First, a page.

As the Kauai County Council ponders adopting a county manger form of government, it might do well to consider the case of Darnell Earley.
If the name doesn't ring a bell, he was the emergency city manager when Flint, Mich., switched from the Detroit Water and Sewerage Department to the Karegnondi Water Authority — a move that prompted them to pump lead-contaminated drinking water from the Flint River in the interim.
But Earley is accepting no responsibility — and no blame — for the decision to use the Flint River as a temporary drinking water source. He claims the mayor and city council approved the action, though there is no record of a resolution or vote to that effect.
Earley initially refused to testify before the U.S. House Committee on Oversight and Government Reform. That prompted Committee Chair Jason Chaffetz to call for U.S. Marshalls “to hunt him down and give him that subpoena.” His attorney has since said Earley will accept a second subpoena if issued.
In other words, a city manager is not necessarily infallible, more accountable, a cronyism-buster or a white knight. A city manager is simply a person who is as prone to incompetence, irresponsibility and self-serving actions as anyone else.
The position is not, in and of itself, the answer to Kauai's nepotism, cronyism, parochialism or any other ism.
Just a little something to think about as the County Council prepares to waste an entire day kicking around the concept of a county manager — a move that would require voter approval and substantial changes to the County Charter.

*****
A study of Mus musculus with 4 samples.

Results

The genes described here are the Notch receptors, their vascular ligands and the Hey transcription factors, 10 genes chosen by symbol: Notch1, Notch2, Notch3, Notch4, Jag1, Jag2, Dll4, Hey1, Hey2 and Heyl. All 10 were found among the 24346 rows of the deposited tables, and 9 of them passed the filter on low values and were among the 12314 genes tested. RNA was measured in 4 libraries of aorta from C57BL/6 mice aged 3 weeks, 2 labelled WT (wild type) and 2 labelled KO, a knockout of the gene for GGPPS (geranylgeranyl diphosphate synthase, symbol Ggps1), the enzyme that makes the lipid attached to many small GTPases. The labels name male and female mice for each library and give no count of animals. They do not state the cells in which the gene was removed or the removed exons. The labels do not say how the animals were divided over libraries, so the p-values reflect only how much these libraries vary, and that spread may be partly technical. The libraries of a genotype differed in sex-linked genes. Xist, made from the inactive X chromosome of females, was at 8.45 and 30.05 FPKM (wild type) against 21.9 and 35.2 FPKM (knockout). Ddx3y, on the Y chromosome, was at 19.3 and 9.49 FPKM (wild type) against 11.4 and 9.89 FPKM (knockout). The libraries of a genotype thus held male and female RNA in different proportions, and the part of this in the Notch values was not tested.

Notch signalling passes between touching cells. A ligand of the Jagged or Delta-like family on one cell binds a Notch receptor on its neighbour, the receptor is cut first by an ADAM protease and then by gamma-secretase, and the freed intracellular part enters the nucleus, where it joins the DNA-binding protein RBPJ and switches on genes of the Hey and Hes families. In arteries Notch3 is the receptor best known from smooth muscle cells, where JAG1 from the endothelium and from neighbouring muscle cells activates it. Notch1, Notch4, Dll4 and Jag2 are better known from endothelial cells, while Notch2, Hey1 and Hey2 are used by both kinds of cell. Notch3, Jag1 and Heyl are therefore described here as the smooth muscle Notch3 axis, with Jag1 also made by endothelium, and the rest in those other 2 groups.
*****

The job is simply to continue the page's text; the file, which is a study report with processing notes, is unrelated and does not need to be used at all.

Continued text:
Come on, guys. Instead of trying to wrest power from the mayor — the Council would hire and oversee the manager, with the mayor relegated to a more ceremonial position — why not use the power you've got to actually do something?
Councilman Mel Rapozo has been chair of the Council for over a year now, with a majority voting bloc at his disposal. Yet so far, the Council has achieved nothing of significance, despite the many pressing issues facing Kauai.
So I'll offer a few words of unsolicited advice to the Council:
Put this idea on a shelf. Let one of the bigger, smarter counties try it first.
Prove to us that you can hire a qualified, effective county auditor — one who isn't a political crony; one who actually does the job; one who can be fired without it costing the taxpayers a pile of dough in a lawsuit.
Pass some meaningful bills that address real problems, like affordable housing, substance abuse, traffic gridlock, climate change.
Conduct a meeting, and engage in respectful dialogue with one other, without it degenerating into a pissing match.
And then, once you've shown voters you can actually do the job you're elected to do, it might be time to begin considering whether Kauai would benefit from a total revamping of its administrative system to give the Council and its manager more power.